October 13, 2021

Vancouver, B.C: The Vancouver Fraser Port Authority announced today it has reached an agreement with terminal operator WWL Vehicle Services Canada, Ltd. (dba/ WW Solutions) to lead improvements to the Annacis Auto Terminal in Delta. Supported by funding from Transport Canada, the Annacis Auto Terminal Optimization Project will improve the efficiency of the terminal’s operations within the existing footprint, increase its ability to handle a greater volume of automobile imports in the future, and help support climate change resiliency.  

“We are very pleased to partner with WW Solutions on this critical trade-enabling project”, said Jennifer Natland, acting vice president of real estate at the Vancouver Fraser Port Authority. “With nearly 100% of all Asian-manufactured vehicle imports coming through the Port of Vancouver destined for the Canadian market, the Annacis Auto Terminal Optimization Project will help address post-pandemic growth in the auto sector and emerging electric vehicle demand—all within existing land use.”  

Automobile imports have increased in recent years due to consumer demand for hybrid and more fuel-efficient vehicles. The Annacis Auto Terminal and Richmond Auto Terminals are operating at maximum capacity and modifications are needed to sustain existing operations and accommodate growth in demand for auto imports.  

Terminal improvements include:  

  • Expanding two existing terminal rail yards  
  • Installing electric vehicle charging stations  
  • Replacing some terminal buildings with a new vehicle processing facility 

Once complete, the terminal will be able to handle up to 480,000 vehicles annually, ensuring the resiliency of this port sector, while supporting climate change targets with the installation of new electric vehicle charging stations. 

“These investments demonstrate our shared commitment to the Canadian auto market. We are excited to see these improvements come to fruition as they will allow us better serve our great customers,” said John Felitto, president of WWL Vehicle Services Americas. “WW Vehicle Services Canada will work closely with the Vancouver Fraser Port Authority as a strategic partner to ensure that we meet the needs of our customers and our operations.” 

The project will allow the port authority to consolidate the two existing port automobile terminals to a single terminal at the Annacis site and repurpose the Richmond Auto Terminal for other port-related businesses once the project is completed.  

At the same time, and independent from the terminal works listed above, the port authority will undertake separate maintenance works to enhance shoreline protection which will help safeguard the terminal lands from erosion.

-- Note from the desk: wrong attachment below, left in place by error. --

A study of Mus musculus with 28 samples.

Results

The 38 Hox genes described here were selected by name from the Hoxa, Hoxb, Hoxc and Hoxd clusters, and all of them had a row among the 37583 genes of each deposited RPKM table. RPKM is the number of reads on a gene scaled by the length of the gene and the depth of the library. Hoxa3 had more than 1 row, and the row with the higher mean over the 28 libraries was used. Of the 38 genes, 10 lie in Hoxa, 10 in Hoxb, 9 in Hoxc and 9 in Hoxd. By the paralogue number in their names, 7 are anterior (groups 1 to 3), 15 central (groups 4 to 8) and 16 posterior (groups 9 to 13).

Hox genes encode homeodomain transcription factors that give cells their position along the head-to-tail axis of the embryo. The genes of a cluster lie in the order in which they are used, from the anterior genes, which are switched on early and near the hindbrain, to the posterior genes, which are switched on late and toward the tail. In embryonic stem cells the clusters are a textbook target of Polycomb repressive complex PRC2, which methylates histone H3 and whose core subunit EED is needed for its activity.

Project benefits at a glance

  • Improved capacity of the auto terminal to support Canada’s growing auto sector  
  • Support for climate change resiliency by responding to increased demand for electric vehicles and enhancing shoreline protection  
  • Increased efficiency of the transportation system by reducing the extent of rail switching and train building required within the existing yard, leading to smoother yard operations and increased capacity    
  • Support further economic development by allowing for auto terminal expansion and freeing up valuable trade-enabling industrial land to be repurposed in support of other port activities  

In the coming months the port authority will engage tenants, local municipalities, and local Indigenous groups to better understand their interests as they relate to this project. 

Learn more about the Annacis Auto Terminal Optimization Project at 


Media contact:

Danielle Jang 
Manager, strategic communications 
[email protected]  

About the Vancouver Fraser Port Authority and the Port of Vancouver

The Vancouver Fraser Port Authority is the federal agency responsible for the stewardship of the Port of Vancouver. Like all Canada Port Authorities, we are accountable to the federal minister of transport, and operate pursuant to the Canada Marine Act with a mandate to enable Canada’s trade through the Port of Vancouver, while protecting the environment and considering local communities. The port authority is structured as a non-share corporation, is financially self-sufficient and does not rely on tax dollars for operations. Our revenues come from port terminals and tenants who lease port lands, and from port users who pay various fees such as harbour dues. Profits are reinvested in port infrastructure. The port authority has control over the use of port land and water, which includes more than 16,000 hectares of water, over 1,500 hectares of land, and approximately 350 kilometres of shoreline. Located on the southwest coast of British Columbia in Canada, the Port of Vancouver extends from Roberts Bank and the Fraser River up to and including Burrard Inlet, bordering 16 municipalities and intersecting the traditional territories and treaty lands of several Coast Salish First Nations. The Port of Vancouver is Canada’s largest port, and the third largest in North America by tonnes of cargo. Enabling the trade of approximately $240 billion in goods with more than 170 countries, port activities sustain 115,300 jobs, $7 billion in wages, and $11.9 billion in GDP across Canada.